As times change and the world marches on, our concept of students and their needs too. In the last couple of decades, we’ve seen the rise of the Millennial generation and a profound shift in student culture. As a result, the demands of students have shifted from those of their parents or grandparents to a more 24/7 lifestyle with expectations that buildings, transportation, and especially social spaces be open on weekends and late into the night. As a result, companies have sprung up (like Nelson Partners) to meet this new type of student housing demand.
This change has been most prominently felt on college campuses where large Millennials have taken up residence in their universities’ dormitories.
Some campuses, like the University of Central Florida, are so inundated with Millennial students that there is no room left. As a result, UCF has had to resort to building on-campus luxury apartments for upperclassmen, a new concept that has been met with great success and a near 100% occupancy rate.
The population boom has forced universities to meet the needs of their growing student bodies, but how are these halls of academia adapting? One example is at the University of Illinois in Urbana-Champaign. Developing “Campus North,” a series of five buildings intended to provide housing for an additional 1,200 students (increasing student capacity by 20%), is expected to begin construction this year and will house 600 students in the Fall of 2014 when it opens.
The new dormitory halls are expected to cost $136 Million and will be “designed to address students’ desire for urban living” by taking advantage of the cities walkability. The idea is that merely providing housing isn’t enough – students want facilities that provide a social atmosphere at all times, not just between 9 AM and 5 PM.
Another example is at Arizona State University. Their first on-campus housing development, The District, is a state-of-the-art student apartment complex that has transformed the way students live and interact with their campus community. For example, the District offers surfing classes, sand volleyball courts, hanging gardens, club sports facilities, an outdoor amphitheater, and more right on campus.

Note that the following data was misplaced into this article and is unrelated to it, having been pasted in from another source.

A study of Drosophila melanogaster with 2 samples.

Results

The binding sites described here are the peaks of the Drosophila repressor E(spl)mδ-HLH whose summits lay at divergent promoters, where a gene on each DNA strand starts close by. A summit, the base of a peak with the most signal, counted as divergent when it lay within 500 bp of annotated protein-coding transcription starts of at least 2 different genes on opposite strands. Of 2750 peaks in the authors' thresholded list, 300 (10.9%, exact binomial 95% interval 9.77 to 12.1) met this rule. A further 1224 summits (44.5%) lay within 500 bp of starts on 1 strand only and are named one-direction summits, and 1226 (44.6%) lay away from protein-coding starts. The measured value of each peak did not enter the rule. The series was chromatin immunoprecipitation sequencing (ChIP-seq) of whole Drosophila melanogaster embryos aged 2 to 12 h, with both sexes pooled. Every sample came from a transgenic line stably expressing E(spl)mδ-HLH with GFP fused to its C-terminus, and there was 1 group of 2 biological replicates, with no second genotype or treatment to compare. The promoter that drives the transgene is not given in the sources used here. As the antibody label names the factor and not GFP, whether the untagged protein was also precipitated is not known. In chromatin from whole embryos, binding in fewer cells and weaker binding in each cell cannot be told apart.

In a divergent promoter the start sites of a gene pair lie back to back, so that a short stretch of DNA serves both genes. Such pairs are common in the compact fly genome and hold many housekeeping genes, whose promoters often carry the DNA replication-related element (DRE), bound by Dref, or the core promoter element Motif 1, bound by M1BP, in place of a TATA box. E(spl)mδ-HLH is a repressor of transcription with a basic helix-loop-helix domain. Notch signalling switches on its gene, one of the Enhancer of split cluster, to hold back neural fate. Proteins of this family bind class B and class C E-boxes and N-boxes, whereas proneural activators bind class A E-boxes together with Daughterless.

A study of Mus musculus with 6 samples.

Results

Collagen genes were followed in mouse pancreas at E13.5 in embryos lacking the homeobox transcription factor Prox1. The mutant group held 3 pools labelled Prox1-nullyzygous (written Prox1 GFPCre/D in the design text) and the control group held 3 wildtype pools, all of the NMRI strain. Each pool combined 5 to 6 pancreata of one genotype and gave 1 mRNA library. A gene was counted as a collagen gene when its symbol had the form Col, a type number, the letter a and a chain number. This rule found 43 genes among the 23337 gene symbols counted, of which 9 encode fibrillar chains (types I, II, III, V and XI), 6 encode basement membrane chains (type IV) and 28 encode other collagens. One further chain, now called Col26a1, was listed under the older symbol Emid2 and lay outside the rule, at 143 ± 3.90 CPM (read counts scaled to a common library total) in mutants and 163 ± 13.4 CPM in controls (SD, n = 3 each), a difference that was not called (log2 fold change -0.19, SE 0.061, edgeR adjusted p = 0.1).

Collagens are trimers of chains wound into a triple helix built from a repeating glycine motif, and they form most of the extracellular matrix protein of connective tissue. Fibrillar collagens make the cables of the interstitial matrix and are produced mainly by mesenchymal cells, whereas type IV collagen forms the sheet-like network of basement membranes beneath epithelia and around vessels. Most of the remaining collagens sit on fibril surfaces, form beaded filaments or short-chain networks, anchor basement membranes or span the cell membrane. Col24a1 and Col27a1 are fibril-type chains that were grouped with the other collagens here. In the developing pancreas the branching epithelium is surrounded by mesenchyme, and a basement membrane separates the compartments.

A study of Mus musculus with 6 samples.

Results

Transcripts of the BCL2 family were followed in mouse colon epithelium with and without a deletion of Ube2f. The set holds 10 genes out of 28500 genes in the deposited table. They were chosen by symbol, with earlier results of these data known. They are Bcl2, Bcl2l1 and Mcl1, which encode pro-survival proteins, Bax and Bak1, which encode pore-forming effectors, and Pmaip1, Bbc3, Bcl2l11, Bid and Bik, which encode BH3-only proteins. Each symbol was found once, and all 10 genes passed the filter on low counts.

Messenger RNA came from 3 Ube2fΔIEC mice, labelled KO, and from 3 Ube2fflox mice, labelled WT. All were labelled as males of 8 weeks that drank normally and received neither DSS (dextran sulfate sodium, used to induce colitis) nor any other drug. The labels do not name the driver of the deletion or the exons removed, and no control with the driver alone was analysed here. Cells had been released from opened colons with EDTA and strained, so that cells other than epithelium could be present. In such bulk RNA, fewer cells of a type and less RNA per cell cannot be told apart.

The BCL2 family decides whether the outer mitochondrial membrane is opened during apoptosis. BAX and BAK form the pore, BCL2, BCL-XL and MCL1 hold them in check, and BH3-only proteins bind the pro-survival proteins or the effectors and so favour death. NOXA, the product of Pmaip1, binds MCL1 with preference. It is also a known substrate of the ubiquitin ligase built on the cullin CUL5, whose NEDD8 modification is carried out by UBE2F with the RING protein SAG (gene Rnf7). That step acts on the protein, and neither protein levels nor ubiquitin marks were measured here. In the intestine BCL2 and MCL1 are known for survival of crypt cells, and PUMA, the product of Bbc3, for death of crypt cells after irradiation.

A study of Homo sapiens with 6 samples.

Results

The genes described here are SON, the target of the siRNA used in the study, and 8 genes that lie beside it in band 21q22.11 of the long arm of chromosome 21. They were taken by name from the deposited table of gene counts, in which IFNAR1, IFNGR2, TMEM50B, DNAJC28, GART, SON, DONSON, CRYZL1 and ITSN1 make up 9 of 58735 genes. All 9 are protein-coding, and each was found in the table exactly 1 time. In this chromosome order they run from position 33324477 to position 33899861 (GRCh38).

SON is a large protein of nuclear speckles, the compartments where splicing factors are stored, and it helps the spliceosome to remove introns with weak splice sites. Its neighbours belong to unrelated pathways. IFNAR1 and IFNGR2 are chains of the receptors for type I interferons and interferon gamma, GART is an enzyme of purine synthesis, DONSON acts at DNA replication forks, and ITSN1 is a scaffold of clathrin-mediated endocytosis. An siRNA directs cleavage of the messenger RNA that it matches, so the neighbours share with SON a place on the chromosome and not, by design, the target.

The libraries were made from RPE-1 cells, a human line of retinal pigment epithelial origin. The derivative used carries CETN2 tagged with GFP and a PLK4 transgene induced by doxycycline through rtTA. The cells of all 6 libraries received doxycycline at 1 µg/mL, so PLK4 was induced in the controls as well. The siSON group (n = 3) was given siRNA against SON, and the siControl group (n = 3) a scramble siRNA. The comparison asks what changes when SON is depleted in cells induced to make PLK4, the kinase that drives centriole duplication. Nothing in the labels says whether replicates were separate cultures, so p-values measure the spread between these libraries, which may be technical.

The District is a prime example of how student housing and university life are becoming intertwined. Students want to live and learn at home while attending college, and universities cater to these needs with their complexes to make students’ lives easier. In addition, the next century will be the century of Millennials; this new generation has set out to change the world, and we should expect Universities to be leading this charge.
A final example is at the University of California – Santa Barbara. After a student referendum passed, campus officials are moving forward to build on-campus housing for students. The referendum stated that students wanted as many as 3,100 beds (a 15% increase from current numbers). To accommodate this need, they will be building new dormitories and converting existing ones into housing.
UC Santa Barbara, like many other universities around the country, is also expanding its dining options. Long gone are the days when students would pack an over-stuffed sack lunch each day or grab a bite to eat at one of the very few on-campus cafes. Instead, students want convenience – they want food that’s easy and accessible, which is part of the reason why the new dining hall at UC Santa Barbara will be located next to student housing.